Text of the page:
PG&E bankruptcy could hit insurers from two directions: Report

Pacific Gas & Electric Co.’s plan to file for bankruptcy protection due to financial woes arising from the California wildfires could hit some insurers investment portfolios as well as generate liability claims, rating agency Moody’s Corp. said in a report on Friday.

Among property/casualty insurers, the largest investors in San Francisco-based PG&E’s bonds and stocks are Allianz SE ($344 million), State Farm ($278 million), Axa SA ($207 million), and Allstate Insurance Co. ($98 million), with most investments concentrated in their life insurance units, according to Moody’s analysis as of Sept. 30, 2018.

As a percentage of shareholders’ equity, though, the investments are “relatively small, averaging about 0.3% of shareholders’ equity among the top 15 major holders of PG&E investments,” Moody’s said in the report.

PG&E’s problems could also hit property/casualty coverages, with insurers that wrote PG&E’s directors and officers liability policies facing potential claims, Moody’s said.

Some insurers have filed lawsuits against PG&E seeking to recoup losses and alleging that poor upkeep of its transmission lines caused the fires.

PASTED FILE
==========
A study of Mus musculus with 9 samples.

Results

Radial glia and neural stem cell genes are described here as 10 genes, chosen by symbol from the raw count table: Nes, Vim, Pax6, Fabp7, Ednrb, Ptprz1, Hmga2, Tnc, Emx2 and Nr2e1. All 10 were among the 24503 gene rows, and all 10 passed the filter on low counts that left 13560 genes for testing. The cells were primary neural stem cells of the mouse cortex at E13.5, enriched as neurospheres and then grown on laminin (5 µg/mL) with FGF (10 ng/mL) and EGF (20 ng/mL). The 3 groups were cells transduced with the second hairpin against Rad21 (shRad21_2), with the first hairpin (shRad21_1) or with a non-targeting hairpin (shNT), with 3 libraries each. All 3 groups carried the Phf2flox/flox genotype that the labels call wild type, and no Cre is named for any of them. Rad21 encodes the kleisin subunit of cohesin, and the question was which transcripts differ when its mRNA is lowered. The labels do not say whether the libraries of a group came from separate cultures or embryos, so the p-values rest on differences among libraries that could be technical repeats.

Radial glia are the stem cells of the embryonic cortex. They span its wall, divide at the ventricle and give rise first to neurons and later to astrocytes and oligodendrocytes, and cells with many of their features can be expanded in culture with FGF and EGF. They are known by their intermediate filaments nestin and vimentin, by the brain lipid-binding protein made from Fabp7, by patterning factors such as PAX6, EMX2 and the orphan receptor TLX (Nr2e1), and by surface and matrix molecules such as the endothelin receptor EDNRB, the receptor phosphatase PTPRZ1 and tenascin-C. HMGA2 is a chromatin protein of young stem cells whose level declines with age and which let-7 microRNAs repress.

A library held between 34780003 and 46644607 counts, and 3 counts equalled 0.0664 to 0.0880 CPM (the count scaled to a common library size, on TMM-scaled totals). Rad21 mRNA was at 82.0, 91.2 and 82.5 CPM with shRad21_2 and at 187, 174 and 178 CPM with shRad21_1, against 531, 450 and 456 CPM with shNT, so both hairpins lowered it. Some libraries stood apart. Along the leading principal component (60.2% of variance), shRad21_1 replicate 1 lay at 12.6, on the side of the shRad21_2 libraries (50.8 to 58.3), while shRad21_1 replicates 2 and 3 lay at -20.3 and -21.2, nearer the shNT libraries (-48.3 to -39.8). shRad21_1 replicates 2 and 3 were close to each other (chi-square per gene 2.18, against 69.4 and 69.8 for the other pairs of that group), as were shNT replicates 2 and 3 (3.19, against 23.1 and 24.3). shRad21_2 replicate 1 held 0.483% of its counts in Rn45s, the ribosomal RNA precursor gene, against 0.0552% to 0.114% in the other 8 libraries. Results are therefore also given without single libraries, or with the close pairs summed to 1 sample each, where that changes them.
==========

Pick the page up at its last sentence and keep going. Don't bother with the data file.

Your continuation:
Insurers have brought $17 billion of claims against the company related to property losses from the wildfires, according to PG&E filings. PG&E estimates that its liabilities to insurers and wildfire victims could exceed $30 billion, not including punitive damages, Moody’s said in the report.

If PG&E’s facilities, including its transmission lines, are determined to be the substantial cause of a particular wildfire, then “the utility can be held liable for insurer losses related to property damage, business interruption, and loss adjustment expenses including attorney fees,” said Moody’s.

“Some insurers could experience significant losses from PG&E’s liability coverages – policies that collectively cover a small share of third-party wildfire losses caused by PG&E equipment – which total about $840 million for the year beginning Aug. 1, 2017, and $1.4 billion for the year beginning Aug. 1, 2018,” said Moody’s.

On Thursday, California fire investigators said that a major 2017 wildfire was caused by privately owned electrical equipment rather than PG&E.

PG&E is likely to face pressure to improve its vegetation management practices, which would be a positive development for insurers if it reduces the likelihood of future wildfire liabilities, Moody’s said.

“However, PG&E’s bankruptcy filing could also spur changes to California utility liability laws, which could be credit negative for (property/casualty) insurers should it limit their ability to subrogate for future wildfire losses,” said the ratings agency in the report.